It's a look at the Dalai Lama, and his practical approach to achieving true happiness. I really appreciated this, especially since I hope to emphasize the practical in this blog. I know that I often deviate, and get going on the big ideas--because they excite me--but I am heartened to know that the advice I give about shifting attitudes and practicing new ways of perceiving the world is the kind of practical advice that the Dalai Lama would likely approve.
The Dalai Lama I’ve seen is a realist (which is what makes his optimism the more impressive and persuasive). And he’s as practical as the man he calls his “boss.”I hope that the many posts I've offered here have helped to identify, analyze and isolate those arrows that cause suffering, and have inspired others to do what they can to pull them out. I love that the philosophy articulated above does not shun intellectual effort (such as analysis), nor is it passive, awaiting the intervention of some remote deity. I've always preferred prayer for guidance, rather than intervention, and the saying "God helps those who help themselves" to "Dear God, please help me."
The Buddha generally presented himself as more physician than metaphysician: if an arrow is sticking out of your side, he famously said, don’t argue about where it came from or who made it; just pull it out. You make your way to happiness not by fretting about it or trafficking in New Age affirmations, but simply by finding the cause of your suffering, and then attending to it, as any doctor (of mind or body) might do.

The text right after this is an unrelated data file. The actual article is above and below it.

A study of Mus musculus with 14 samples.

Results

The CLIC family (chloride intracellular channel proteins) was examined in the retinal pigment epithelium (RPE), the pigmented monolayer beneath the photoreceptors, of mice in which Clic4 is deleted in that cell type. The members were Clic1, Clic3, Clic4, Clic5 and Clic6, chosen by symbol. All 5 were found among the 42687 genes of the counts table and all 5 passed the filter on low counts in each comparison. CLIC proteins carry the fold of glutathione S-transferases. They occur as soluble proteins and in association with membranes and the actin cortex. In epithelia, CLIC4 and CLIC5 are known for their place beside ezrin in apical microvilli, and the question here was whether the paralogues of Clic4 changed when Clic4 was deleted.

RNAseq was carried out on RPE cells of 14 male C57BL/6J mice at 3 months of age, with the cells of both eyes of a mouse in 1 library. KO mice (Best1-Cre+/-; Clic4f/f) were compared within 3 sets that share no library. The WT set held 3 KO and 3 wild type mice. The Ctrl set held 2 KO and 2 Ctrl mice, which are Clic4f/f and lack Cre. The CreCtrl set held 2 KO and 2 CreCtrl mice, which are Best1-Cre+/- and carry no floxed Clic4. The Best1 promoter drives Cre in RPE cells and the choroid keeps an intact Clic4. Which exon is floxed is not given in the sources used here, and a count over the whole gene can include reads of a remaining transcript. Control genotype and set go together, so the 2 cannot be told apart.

I’ve been spending time for 18 years in a Benedictine monastery, and the monks I know there have likewise found out how to be delighted by the smallest birthday cake. Happiness is not pleasure, they know, and unhappiness, as the Buddhists say, is not the same as suffering. Suffering — in the sense of old age, sickness and death — is the law of life; unhappiness is just the position we choose — or can not choose — to bring to it.Just last week, my yoga teacher demonstrated this approach. We were in Warrior II, and he had us hold the pose for quite a while. Eventually, a fire starts in the muscles. "Likely you're feeling a burn," he said. "But instead of popping out of it, what if you hold it, stay there, exploring that sensation? What if you look at it not as pain, but as a purifying effort?" I desperately wanted to release the pose, but considered if I could withstand the effort and do as he asked.
He went on: "Likely, this is not the worst pain you'll ever feel. Likely, at some point in your life, you will hurt much worse. How will you react?" His words rang true for me, especially now, as I approach childbirth. So, I stuck it out, figuring if I buckled from a tired quadricep, I'd never survive giving birth! What was interesting is that, like the above excerpt, I shifted my position toward the pain, and gained a great deal of mental (and physical) stamina and strength. And you know what? Once I did, the burn became more a curiosity, something to withstand and investigate, and less a source of suffering. I guess my point is, you can choose your pose toward suffering, and suffer less.
I think you'll enjoy Iyer's essay. Read the entire piece here.